When I was in high school, my parents sat me down and had The Talk. Of course I tried to plug my ears and go, "La la la!" — hearing that sort of thing from your parents is fundamentally gross — but apparently I didn't shout, "LA LA LA" loud enough because snippets of The Talk have been coming back to me recently. In a very strange and vivid way.
"It's not that 'It' is bad," I've been hearing my parents' voices echo in my head. The memory accompanied by a strange, constant background noise that sounds suspiciously like the revolted screams of a thirteen-year-old girl. "It's just that you can enjoy 'It' more if you save 'It' for the right time." Sixteen years later, I am starting to see new wisdom in my parents' "old fashioned" teachings. I heard their words, but only now am I beginning to understand. I thought they were talking about sex, but it turns out, they were talking about the Internet.
"How could this have happened to me," sobs my husband now. I put my hand on his shoulder to console him. In front of us, a blue screen informs him that a computer virus has eaten important files in his operating system and that the machine is unable to function normally. "This is only supposed to happen to people who go on naughty websites! It happened when I was looking at an information site for my computer game, EverPest!"
Unbidden to my mind springs my parents' excellent warning. At the time, I thought they were talking about why abstinence outside of marriage was so sensible and why you should look for a potential lifemate who shared similar ideals. "Remember, honey, diseases aren't just for 'bad' people. It only takes one mistake, or one person telling a lie, and even a nice person can get a disease. And remember, even if you use protection like they say on TV, there's still a percentage of failure. The only way to be one hundred percent sure is to save 'It' for marriage."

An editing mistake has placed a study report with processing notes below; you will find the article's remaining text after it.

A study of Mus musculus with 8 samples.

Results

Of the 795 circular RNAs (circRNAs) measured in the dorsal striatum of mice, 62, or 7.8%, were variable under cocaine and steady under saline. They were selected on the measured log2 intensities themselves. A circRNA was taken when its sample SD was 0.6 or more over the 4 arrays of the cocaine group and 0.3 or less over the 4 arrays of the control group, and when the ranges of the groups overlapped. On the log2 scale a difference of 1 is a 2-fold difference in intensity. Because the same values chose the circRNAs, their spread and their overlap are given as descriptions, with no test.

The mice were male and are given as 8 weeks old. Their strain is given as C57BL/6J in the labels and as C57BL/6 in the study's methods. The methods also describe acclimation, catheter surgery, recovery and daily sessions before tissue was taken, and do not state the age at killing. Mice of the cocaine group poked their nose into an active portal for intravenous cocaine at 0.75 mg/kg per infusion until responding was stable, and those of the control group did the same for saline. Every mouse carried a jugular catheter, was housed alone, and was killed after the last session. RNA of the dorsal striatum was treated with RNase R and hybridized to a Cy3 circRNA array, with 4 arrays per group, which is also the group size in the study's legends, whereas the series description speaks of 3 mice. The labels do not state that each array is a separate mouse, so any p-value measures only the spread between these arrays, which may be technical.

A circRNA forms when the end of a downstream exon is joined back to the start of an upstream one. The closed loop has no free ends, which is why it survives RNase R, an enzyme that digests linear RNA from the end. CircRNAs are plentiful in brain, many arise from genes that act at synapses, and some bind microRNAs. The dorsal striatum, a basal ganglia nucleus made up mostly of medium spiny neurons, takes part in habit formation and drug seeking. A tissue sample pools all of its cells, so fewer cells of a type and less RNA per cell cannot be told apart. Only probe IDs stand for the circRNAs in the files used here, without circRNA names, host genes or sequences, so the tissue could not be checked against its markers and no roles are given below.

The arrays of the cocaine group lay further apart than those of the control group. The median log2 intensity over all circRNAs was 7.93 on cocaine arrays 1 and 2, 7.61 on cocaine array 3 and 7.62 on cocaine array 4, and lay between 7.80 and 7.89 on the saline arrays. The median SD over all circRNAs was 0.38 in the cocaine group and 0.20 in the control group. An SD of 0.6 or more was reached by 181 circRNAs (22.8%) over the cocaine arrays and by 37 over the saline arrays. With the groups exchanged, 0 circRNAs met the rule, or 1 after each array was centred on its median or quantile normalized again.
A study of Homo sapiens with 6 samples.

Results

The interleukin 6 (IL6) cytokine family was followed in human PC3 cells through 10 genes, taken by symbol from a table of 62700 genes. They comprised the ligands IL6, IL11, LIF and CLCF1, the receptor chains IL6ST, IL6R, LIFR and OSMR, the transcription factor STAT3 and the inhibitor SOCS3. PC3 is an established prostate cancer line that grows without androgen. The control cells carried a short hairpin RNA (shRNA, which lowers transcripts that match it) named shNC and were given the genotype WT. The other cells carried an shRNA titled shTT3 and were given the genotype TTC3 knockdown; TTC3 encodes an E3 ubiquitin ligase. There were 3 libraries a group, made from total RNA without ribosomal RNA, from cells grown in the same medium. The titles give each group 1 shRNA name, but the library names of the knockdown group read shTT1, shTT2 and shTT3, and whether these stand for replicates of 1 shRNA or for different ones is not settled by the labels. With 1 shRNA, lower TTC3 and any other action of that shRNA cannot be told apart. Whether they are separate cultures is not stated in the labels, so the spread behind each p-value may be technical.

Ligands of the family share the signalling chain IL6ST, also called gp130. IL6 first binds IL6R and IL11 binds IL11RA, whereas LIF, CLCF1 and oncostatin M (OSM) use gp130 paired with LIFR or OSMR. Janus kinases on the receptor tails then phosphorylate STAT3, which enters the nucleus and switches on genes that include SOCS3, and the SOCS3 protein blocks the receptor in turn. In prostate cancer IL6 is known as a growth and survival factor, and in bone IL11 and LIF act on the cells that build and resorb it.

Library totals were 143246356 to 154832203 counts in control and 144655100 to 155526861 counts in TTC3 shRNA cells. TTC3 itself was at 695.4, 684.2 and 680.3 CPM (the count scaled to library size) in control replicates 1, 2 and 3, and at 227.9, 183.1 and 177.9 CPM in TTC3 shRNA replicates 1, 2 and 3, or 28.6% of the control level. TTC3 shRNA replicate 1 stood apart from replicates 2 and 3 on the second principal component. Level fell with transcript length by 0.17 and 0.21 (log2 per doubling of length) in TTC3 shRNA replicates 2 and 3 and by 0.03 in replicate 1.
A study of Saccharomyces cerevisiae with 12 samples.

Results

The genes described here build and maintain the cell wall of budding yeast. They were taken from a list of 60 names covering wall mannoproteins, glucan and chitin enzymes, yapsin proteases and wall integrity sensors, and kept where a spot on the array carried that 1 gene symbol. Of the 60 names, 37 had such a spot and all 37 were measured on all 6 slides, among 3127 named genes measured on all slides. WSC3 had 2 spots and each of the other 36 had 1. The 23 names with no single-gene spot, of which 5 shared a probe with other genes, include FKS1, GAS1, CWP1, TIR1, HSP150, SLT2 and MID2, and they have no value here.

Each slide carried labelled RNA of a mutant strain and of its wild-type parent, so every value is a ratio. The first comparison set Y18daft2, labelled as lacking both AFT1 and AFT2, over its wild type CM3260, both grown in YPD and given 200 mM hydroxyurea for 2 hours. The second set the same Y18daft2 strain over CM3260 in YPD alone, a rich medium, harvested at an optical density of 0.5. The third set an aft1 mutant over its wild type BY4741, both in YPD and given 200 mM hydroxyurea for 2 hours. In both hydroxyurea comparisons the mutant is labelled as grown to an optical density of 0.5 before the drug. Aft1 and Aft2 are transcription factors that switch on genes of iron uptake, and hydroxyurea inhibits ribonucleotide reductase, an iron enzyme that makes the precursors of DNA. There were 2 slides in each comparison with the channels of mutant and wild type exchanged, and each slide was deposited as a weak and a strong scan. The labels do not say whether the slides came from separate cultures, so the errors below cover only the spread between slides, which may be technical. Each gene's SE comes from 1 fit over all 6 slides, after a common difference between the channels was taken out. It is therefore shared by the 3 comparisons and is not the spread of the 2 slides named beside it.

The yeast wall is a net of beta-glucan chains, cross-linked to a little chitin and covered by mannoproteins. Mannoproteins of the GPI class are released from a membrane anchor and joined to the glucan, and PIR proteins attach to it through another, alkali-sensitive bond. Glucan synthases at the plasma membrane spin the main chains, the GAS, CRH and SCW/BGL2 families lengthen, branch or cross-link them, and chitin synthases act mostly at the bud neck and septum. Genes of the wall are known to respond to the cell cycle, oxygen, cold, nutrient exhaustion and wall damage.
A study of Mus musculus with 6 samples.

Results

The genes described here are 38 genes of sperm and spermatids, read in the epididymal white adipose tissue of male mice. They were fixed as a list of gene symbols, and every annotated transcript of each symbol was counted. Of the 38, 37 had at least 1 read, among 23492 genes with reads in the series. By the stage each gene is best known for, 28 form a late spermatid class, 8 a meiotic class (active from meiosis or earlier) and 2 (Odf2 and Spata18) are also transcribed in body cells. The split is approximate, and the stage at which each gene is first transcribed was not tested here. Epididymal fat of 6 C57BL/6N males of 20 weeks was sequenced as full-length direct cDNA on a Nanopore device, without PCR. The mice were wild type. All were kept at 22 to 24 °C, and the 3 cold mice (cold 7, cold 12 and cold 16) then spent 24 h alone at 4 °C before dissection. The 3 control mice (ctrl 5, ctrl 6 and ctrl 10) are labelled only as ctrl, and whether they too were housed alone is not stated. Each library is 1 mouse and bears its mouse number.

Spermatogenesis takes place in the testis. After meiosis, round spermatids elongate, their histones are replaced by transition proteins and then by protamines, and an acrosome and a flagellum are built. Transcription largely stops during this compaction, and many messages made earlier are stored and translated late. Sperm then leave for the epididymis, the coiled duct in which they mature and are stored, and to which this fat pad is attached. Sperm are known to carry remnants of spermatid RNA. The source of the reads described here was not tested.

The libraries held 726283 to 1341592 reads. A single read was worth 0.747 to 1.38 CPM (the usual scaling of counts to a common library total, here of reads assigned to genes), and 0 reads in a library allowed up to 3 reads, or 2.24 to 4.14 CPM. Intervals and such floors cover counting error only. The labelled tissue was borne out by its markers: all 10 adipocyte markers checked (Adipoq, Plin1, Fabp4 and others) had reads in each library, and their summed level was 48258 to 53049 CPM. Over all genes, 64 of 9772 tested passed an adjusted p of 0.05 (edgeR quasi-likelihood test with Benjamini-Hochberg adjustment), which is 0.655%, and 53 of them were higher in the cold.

Fast forward ahead sixteen years, to John looking up at me with anguish, saying, "I don't understand! I have a subscription to McAfee anti-virus! I was using a firewall!"
"Um," I had to admit, "I've actually heard that this sort of thing can happen."
My husband and I spent the entire afternoon running various anti-virus programs. McAfee. Spybot. Microsoft. Stuff to clean out viruses, stuff to clean out pop-ups, stuff to clean out spy-ware, stuff to clean out mal-ware. Toward the end of the day, we finally got a scan to come out clean. Relieved, John fired up Internet Explorer to go back on the Internet. His screen exploded in pop-up advertisements for pharmaceuticals, casinos, software and more. Every time he tried to go to a website, the computer would mysteriously redirect him to one of these ad sites.
"Luke," his computer breathed in a raspy voice. "Come to the dark side. Buy vicodone cheap online!" "Noooo!" my husband screamed. "You're not my browser!"
In my head, I could hear my parents warning me sternly, "You can't be too careful, honey. Some of these diseases have no cure."
"I think it's time to give up," my husband said regretfully, and got out the disks to wipe the whole system and reformat his hard drive.
It took us an entire second day to successfully wipe the computer clean, as the virus was so deeply imbedded that it was even affecting the reinstallation. (It didn't help that neither of us really know what we're doing.) At the end of it, we fired up the computer and ran a viral check. Nothing. With trembling anticipation, John tried to go on the Internet.
His email inbox showed up, lovely and free from any sort of advertisement about anything that would enlarge or reduce debts, mortgages or body parts.
John nearly wept with joy. "I am never," he vowed, "going to any website but my regular one again."
"I've heard that's the most sensible approach," I murmured faintly. Apparently, Mom and Dad weren't old fashioned, they were simply ahead of their time. And missed a calling in easy-to-understand technical support.
"Where are you going?" John asked as I headed off to find the telephone.
"Gonna give my folks a call," I told him. "I want to see what they know about programming my cell phone."
Comments and further evidence that there's nothing new under the sun to Alex.Queen@gmail.com.
This article first appeared in the May 1, 2005 issue of the Manteca (Calif.) Bulletin.